The Basics on Taking Gilenya for Multiple Sclerosis

Common Questions on Side Effects, Monitoring, and Insurance Answered


What are the Side Effects of Gilenya?

Gilenya is a tablet taken one time per day, with or without food.  Some common side effects include:

  • headache
  • influenza
  • diarrhea
  • back pain
  • cough
  • sinusitis
  • abdominal pain
  • extremity pain
  • abnormal liver tests

There are also some more serious effects that can occur with Gilenya like a slowed heart rate, and problems with your liver, lungs, eyes, and brain. Also, while taking Gilenya, you may be at an increased risk of infection, including herpes viral infections and a fungus called cryptococcal infection.

The good news is that you are not deciding by yourself whether or not to take Gilenya -- you are deciding with your neurologist and your loved ones. This way you are weighing the risks and benefits of taking Gilenya as a team -- and by keeping in close touch with your doctor, you can address any side effects right away if they occur. 

Monitoring on Gilenya

While the administration of Gilenya is easier than the injectable disease-modifying therapies, the monitoring requirements while taking this drug should be taken into account.

Because one of the potential side effects of Gilenya is heart problems, you must take your first dose of Gilenya in a hospital setting, so you can be closely monitored and treated if there is a problem. Your will also have your blood pressure and heart rate monitored constantly for at least 6 hours after your first dose.

In addition, you will need to have a blood cell test, liver function blood test, eye exam, and a skin exam before and/or during treatment with Gilenya. Lung function tests may also be ordered if you experience any breathing problems while on Gilenya. In addition, before you start Gilyena, your immunity to chicken pox will be checked -- the good news is this is a simple blood test. 

For Women in Childbearing Years

Gilenya is a "pregnancy category C" medication, meaning that it caused some fetal harm in animal studies, but the effect in humans is unknown. So if you are thinking of becoming pregnant, be sure to tell your doctor -- it's important to know that Gilenya should be stopped for at least two months before trying to conceive. 

Who Cannot Take Gilyena?

Gilenya should not be used if you recently experienced a certain heart condition, like severe heart failure, a heart attack, stroke, or chest pain. If you have a history of certain heart rhythm disturbances and/or are taking an antiarrhythmic, you may also not be able to take Gilenya.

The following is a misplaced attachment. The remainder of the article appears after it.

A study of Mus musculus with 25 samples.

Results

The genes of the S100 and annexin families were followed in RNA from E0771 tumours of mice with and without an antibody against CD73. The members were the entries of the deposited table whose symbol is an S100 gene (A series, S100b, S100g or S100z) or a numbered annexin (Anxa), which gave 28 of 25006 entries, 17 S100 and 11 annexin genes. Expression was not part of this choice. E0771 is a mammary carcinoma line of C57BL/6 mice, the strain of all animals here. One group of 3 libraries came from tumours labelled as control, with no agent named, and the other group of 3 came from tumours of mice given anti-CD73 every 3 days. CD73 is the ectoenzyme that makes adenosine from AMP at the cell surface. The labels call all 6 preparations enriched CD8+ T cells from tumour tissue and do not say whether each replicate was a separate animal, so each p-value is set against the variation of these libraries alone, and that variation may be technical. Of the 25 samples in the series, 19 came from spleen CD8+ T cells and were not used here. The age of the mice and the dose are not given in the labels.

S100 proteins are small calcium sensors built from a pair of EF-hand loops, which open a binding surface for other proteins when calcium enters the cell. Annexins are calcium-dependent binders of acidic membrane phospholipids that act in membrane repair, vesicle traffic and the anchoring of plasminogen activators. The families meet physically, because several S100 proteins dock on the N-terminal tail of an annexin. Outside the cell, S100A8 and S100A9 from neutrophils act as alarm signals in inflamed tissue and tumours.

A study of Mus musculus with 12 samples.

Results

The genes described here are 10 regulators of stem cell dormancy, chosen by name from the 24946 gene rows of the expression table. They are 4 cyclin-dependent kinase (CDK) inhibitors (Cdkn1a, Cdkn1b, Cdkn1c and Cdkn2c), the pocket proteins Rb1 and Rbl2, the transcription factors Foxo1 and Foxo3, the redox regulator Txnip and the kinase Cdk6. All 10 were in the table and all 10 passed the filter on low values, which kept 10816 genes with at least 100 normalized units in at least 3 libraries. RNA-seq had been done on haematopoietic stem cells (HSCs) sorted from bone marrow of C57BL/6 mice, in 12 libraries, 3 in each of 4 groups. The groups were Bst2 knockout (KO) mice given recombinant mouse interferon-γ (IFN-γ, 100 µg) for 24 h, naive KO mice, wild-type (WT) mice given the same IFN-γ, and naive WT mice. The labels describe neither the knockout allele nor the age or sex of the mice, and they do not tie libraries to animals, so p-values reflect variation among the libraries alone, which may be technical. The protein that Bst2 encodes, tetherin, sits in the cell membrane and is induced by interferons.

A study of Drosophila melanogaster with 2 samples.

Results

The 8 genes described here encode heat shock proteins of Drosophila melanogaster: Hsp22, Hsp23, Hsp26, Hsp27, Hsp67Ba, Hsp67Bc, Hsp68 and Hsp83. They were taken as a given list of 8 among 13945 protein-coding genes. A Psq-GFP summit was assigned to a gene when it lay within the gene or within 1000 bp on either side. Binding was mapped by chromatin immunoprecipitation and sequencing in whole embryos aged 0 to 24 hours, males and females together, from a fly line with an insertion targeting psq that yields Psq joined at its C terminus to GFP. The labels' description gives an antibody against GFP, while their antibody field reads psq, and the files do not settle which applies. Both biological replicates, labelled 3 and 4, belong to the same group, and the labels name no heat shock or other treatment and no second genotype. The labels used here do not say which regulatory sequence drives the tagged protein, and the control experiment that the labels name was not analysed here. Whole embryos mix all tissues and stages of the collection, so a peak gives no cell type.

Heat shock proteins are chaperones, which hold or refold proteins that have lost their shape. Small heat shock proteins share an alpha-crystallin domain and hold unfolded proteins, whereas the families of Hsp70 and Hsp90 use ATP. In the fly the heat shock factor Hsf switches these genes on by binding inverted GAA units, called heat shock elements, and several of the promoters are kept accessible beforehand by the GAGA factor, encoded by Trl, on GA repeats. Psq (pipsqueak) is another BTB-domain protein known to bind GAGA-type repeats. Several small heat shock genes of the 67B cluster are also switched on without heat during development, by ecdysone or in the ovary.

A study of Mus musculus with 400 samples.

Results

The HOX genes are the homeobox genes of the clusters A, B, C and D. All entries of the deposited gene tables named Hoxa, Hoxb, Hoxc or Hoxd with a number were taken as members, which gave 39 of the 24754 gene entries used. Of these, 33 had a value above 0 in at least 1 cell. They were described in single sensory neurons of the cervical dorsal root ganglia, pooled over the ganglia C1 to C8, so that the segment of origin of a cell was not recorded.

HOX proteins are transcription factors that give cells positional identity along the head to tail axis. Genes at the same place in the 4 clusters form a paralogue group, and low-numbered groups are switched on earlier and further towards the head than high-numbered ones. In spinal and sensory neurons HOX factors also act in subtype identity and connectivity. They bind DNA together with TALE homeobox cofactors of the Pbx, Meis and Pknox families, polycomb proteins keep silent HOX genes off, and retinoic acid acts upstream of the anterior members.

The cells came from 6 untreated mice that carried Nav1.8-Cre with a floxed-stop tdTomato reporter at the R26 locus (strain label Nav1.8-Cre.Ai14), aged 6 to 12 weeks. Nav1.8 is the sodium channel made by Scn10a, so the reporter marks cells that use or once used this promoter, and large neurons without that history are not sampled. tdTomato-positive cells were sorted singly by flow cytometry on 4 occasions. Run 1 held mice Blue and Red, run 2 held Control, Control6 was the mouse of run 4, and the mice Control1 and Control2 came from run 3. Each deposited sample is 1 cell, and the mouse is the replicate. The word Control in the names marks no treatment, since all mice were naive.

This all being said, it's a good idea to discuss any heart-related problems with your doctor. You should also tell your doctor if you have a history of fainting, diabetes, liver or kidney disease, asthma or other breathing disorder, or an infection.

Can I Get Vaccines While on Gilenya?

As Gilenya is an immunosuppressant, you should not receive a "live" vaccine while using Gilenya and for two months after stopping Gilenya, unless your doctor approves it.

For example, if you are going for your annual flu shot, opt for the inactivated influenza vaccine (flu shot) and not the "live" attenuated influenza vaccine (nasal spray).

Will My Insurance Cover Gilenya?

Cost is a certainly a source of stress for most of us with MS, but here are some resources to help you. To determine if Gilenya is covered under your insurance program, or if you qualify for financial assistance to obtain your Gilenya, you can contact Novartis' patient assistance program, "The Gilenya GO Program" at 1-800-GILENYA (1-800-445-3692), where you will speak to a "navigator" about your situation.

"I'm Not Sure if Gilenya is Right for Me."

Starting a new medication for your MS is a difficult decision and one that should be carefully discussed with your doctor and loved ones. While a number of people with MS are anxious to take an oral medication — as opposed to injecting themselves with more traditional disease-modifying therapies — be aware some neurologists still prefer to wait until their patients are "failing" one their current meds before switching them to Gilenya.

DISCLAIMER: The information in this site is for educational purposes only. It should not be used as a substitute for personal care by a licensed physician. Please see your doctor for diagnosis and treatment of any concerning symptoms or medical condition.